Fears over remote vetting for officials seeking ‘top secret’ clearance

End of automatic face-to-face interviews risks “catastrophic security breach”, former officer claims
Photo: Howard Lake/Flickr/ CC BY-SA 2.0

By Jim Dunton

22 Feb 2022

UK Security Vetting is risking a “catastrophic security breach” by ending a requirement that officials seeking clearance to view “top secret” documents need a face-to-face interview, it has been claimed.

Officials at UKSV, which is part of the Cabinet Office, are reportedly concerned that increased use of online and phone interviews for so-called “developed vetting” introduced during the pandemic has become a permanent fixture.

The Daily Telegraph said vetting officers had told it face-to-face interviews of up to four hours were vital to uncover individuals’ sexual, financial or personal secrets that could leave them vulnerable to bribery or blackmail by an enemy state – and that remote interviews were no substitute.

Developed vetting,  or DV, is required for any officials with access to top-secret material such as military plans, market-sensitive information, diplomatic cables or nuclear secrets. It covers civil servants, military officers, police and private contractors.

The Telegraph said it had been told by a whistleblower that UKSV had been “restructured” on the assumption that more interviews will be conducted by vetting officers working from home.

One former vetting officer told the paper it was “breathtakingly naive” to expect virtual interviews to be as effective as intense face-to-face sessions in persuading officials to confess their deepest personal secrets.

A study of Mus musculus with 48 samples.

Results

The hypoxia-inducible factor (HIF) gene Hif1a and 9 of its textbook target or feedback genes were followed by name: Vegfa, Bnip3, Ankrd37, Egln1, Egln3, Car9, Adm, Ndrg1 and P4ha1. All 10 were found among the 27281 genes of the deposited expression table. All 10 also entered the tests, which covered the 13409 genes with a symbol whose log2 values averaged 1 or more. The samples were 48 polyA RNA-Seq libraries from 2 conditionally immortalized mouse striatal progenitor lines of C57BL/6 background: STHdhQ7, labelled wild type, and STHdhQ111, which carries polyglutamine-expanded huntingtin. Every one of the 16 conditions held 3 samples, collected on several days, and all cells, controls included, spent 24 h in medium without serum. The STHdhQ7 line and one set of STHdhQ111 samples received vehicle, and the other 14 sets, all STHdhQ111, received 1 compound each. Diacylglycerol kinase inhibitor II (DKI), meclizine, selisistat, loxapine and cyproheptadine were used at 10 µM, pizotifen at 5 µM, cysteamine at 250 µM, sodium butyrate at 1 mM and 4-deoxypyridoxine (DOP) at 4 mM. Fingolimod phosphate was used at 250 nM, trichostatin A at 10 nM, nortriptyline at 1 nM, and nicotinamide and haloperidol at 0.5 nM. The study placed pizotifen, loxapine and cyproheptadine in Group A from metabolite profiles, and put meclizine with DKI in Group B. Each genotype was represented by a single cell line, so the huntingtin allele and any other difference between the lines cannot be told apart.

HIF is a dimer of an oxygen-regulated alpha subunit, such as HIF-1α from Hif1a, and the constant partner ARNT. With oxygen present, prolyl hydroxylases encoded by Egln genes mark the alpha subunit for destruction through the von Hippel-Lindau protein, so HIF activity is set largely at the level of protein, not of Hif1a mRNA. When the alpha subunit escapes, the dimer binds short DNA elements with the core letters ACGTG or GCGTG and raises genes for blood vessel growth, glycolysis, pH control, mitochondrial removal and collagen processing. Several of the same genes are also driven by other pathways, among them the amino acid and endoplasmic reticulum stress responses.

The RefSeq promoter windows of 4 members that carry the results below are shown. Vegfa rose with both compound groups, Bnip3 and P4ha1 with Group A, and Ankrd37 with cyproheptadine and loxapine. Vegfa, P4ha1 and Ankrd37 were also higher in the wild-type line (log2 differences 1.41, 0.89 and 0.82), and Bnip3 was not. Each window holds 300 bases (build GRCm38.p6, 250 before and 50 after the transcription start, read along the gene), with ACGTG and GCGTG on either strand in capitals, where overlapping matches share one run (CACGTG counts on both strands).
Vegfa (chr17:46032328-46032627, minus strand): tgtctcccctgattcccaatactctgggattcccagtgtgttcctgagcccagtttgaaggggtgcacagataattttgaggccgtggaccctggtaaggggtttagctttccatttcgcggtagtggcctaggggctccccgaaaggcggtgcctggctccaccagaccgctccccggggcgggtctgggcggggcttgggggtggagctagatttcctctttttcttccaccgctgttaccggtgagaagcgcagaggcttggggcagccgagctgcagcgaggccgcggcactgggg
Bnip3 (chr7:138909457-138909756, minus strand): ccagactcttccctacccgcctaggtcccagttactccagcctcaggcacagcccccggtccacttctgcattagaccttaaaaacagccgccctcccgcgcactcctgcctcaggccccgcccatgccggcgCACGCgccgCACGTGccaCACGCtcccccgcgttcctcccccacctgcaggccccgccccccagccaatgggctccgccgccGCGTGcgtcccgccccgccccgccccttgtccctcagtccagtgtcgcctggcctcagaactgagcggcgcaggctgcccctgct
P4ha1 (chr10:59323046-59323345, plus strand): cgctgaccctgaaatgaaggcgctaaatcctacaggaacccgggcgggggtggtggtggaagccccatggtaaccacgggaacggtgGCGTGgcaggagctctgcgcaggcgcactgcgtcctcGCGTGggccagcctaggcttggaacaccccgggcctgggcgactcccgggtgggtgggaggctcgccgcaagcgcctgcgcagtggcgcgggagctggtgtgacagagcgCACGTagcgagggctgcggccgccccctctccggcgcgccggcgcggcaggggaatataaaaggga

“Despite protestations to senior managers and even to the chief executive, this is the future of vetting,” they said.

“There will be, at some time in the near future, a catastrophic security breach as a result.”

The Telegraph said the continued use of virtual interviews via “secrure” platforms had been endorsed in a July 2021 policy notice following the buildup of a backlog of face-to-face interviews

The paper also quoted Whitehall historian and crossbench peer Lord Peter Hennessy describing the increased reliance on remote interviewing as “very regrettable” and likely to “seriously diminish” the DV process.

“Even if they asked the same questions, they would not have the same sense of me and me of them,” he said.

The Cabinet Office said there had not been a blanket switch to virtual processes for DV and that checks on applicants for sensitive jobs had not been weakened.

“Government security clearance procedures are extremely robust and involve a wide variety of checks,” a spokesperson said.

“Decisions on whether interviews are undertaken face to face or virtually are taken on a case-by-case basis. This has no impact on the effectiveness of the process.”